As a rule of thumb it's useful to think of acetate usage in adult ruminants as being to replace glucose wherever possible.

If you remember that a single thiokinase reaction is all it takes to make Acetyl CoA from acetate you can see that wherever the TCA cycle is operative acetate is just one step away from being able to be used as an oxidizable substrate. Clearly therefore in ruminant tissues acetate is able to substitute for much of the glucose that non-ruminants use for oxidative purposes in  aerobically respiring cells.

Acetate can not replace glucose as an oxidizable substrate in the erythrocyte because glycolysis is necessary as the sole method for generation of ATP in erythrocytes.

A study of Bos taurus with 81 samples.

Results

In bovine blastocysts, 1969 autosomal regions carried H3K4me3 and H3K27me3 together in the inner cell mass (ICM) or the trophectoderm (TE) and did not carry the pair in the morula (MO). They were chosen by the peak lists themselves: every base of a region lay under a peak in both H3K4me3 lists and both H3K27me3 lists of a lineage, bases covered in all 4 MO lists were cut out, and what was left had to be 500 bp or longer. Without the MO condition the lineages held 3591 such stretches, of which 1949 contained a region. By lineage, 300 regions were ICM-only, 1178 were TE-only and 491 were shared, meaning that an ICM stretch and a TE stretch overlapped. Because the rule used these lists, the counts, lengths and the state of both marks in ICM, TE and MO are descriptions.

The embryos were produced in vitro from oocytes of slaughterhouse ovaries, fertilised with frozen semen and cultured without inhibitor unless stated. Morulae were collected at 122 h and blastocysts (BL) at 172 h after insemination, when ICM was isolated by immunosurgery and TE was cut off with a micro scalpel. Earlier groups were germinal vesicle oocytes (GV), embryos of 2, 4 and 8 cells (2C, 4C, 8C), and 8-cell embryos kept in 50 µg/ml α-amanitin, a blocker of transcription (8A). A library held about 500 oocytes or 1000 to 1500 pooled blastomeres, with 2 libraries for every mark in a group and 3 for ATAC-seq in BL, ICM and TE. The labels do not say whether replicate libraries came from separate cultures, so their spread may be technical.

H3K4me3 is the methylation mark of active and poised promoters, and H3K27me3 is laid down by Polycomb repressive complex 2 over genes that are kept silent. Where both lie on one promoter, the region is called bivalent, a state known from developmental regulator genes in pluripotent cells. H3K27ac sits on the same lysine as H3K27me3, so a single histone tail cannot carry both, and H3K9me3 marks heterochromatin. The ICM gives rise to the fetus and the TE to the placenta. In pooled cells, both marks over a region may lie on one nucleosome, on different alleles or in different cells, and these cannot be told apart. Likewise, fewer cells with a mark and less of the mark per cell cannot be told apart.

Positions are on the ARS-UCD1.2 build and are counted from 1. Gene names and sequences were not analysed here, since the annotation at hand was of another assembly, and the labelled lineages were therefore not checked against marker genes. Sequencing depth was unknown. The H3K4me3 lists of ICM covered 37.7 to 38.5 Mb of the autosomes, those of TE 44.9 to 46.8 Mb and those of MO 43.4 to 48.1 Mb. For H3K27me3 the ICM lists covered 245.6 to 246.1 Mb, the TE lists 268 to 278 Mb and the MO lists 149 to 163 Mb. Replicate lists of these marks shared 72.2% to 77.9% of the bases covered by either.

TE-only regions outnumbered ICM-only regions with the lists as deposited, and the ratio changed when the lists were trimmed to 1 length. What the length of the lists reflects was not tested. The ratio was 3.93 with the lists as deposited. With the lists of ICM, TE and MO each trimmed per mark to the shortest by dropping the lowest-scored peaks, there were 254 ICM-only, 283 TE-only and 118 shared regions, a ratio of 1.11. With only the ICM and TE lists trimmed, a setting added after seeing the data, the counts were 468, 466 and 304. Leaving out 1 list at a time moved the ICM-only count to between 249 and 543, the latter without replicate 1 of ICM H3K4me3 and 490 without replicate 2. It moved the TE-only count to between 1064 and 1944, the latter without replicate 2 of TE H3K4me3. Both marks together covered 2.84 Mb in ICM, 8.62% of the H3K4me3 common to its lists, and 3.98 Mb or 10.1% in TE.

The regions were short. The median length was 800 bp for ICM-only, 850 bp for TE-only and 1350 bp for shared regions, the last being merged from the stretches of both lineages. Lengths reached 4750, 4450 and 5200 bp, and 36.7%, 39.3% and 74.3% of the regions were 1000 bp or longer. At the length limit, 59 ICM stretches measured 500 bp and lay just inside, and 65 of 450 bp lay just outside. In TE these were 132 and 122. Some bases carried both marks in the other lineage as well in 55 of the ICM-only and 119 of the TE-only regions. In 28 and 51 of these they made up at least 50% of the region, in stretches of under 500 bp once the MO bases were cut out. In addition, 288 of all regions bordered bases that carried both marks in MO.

Acetate can however replace glucose as the principal substrate for fatty acid biosynthesis in adipose tissue, liver and the lactating mammary gland.  But remember that some glucose will always be needed in these tissues to make the glycerol phosphate used in lipogenesis to esterify the fatty acids. Fat synthesis requires glucose even if fatty acid synthesis doesn't.

Importantly also you have to think about other functions of glucose than its use an oxidizable substrate for which acetate can not serve as a replacement.

For example glucose is used to make other sugars; fructose is synthesised in liver as an oxidizable substrate for use by the developing foetus and galactose is synthesised in the lactating mammary gland for secretion into the milk as a nutrient for the neonate.  Acetate can not replace glucose for either of these functions.  Glucose is also indispensible for making ribose sugars that are required for nucleic acid biosynthesis (in all replicating cells) and for making monosaccharide osamine and uronate derivatives used in the synthesis of proteoglycans (fibroblasts and other cells that make extracellular polymers found in connective tissues).